No progress on disability in Budget 2020
Disability is strongly associated with poverty in Ireland. Among people who are unable to work due to illness or disability more than one in three (35.4%) live on an income below the poverty line. Among those who are able to work many people with a disability are unemployed; a classification where more than four in ten are in poverty.Research from the National Disability Authority and the Workplace Relations Commission highlights the challenges people with disabilities have in finding employment and remaining in a job given the daily challenges many face.
Budget 2020 did not take the necessary steps to improve services and funding for this area. In fact it would be more precise to say that Budget 2020 continued to neglect those with a disability. As was pointed out by DFI's Head of Policy, Dr. Joanne McCarthy, in the wake of the Budget, "Brexit is just this year’s excuse for failing to stop a marginalisation which makes us the forgotten vulnerable".
It is true that there are few groups more vulnerable than peole disabilities, who have seen poverty rates increase greatly over the last decade, and they remain uniquely exposed and unprotected after a Budget that was framed as one that would "protect the vulnerable".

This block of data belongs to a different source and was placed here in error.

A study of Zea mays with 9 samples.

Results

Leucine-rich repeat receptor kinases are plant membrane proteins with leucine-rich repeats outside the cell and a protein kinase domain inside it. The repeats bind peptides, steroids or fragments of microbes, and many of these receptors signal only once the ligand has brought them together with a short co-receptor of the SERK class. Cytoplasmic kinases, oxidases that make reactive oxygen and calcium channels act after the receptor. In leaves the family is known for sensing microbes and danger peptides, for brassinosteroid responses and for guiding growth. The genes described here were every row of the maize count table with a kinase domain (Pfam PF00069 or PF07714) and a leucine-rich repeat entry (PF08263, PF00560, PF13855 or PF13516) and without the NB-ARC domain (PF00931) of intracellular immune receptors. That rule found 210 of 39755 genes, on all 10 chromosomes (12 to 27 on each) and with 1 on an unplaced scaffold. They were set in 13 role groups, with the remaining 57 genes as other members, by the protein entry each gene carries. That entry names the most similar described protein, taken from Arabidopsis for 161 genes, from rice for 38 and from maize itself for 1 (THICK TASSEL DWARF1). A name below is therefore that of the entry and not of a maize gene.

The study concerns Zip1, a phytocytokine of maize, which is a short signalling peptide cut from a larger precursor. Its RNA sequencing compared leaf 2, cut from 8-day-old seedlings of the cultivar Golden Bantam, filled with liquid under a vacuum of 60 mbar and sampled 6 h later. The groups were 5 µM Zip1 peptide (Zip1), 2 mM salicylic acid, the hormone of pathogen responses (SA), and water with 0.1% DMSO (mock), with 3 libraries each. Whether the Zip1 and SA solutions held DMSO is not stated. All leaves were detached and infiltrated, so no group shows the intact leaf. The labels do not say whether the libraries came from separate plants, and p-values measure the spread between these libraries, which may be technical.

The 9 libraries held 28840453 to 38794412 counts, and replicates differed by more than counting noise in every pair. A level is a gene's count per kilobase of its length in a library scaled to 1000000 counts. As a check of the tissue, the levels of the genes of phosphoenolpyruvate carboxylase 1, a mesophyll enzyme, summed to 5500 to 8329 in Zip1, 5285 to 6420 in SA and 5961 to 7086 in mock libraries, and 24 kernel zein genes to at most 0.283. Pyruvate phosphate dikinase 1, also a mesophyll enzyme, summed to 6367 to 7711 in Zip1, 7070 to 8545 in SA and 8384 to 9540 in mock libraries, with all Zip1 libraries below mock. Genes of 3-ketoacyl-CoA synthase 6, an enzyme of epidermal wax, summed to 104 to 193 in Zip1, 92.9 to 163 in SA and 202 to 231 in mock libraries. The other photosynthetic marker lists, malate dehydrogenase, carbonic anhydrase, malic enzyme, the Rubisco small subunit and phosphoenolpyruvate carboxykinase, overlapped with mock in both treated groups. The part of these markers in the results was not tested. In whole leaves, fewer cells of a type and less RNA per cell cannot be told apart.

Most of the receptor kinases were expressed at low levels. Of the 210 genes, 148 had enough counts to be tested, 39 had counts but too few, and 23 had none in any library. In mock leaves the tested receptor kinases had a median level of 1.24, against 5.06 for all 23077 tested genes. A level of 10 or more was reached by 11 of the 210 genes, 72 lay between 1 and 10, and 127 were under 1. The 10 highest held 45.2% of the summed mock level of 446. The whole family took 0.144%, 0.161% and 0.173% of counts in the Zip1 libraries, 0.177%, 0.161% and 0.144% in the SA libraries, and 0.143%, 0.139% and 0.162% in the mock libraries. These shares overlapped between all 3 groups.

There were some positives, including additional investment in special needs education, improved access to pre-school for children with disabilities, an increases in the home carers’ credit and funding for the Autism Plan. There was also and increase in the respite allowance.
However, Social Justice Ireland regrets that the Budget did not move to introduce a cost of disability payment despite Government commissioning work on this issue in Budget 2019. If people with a disability are to be equal participants in society, the extra costs generated by their disability should not be borne by them alone. Progress on this issue is long overdue.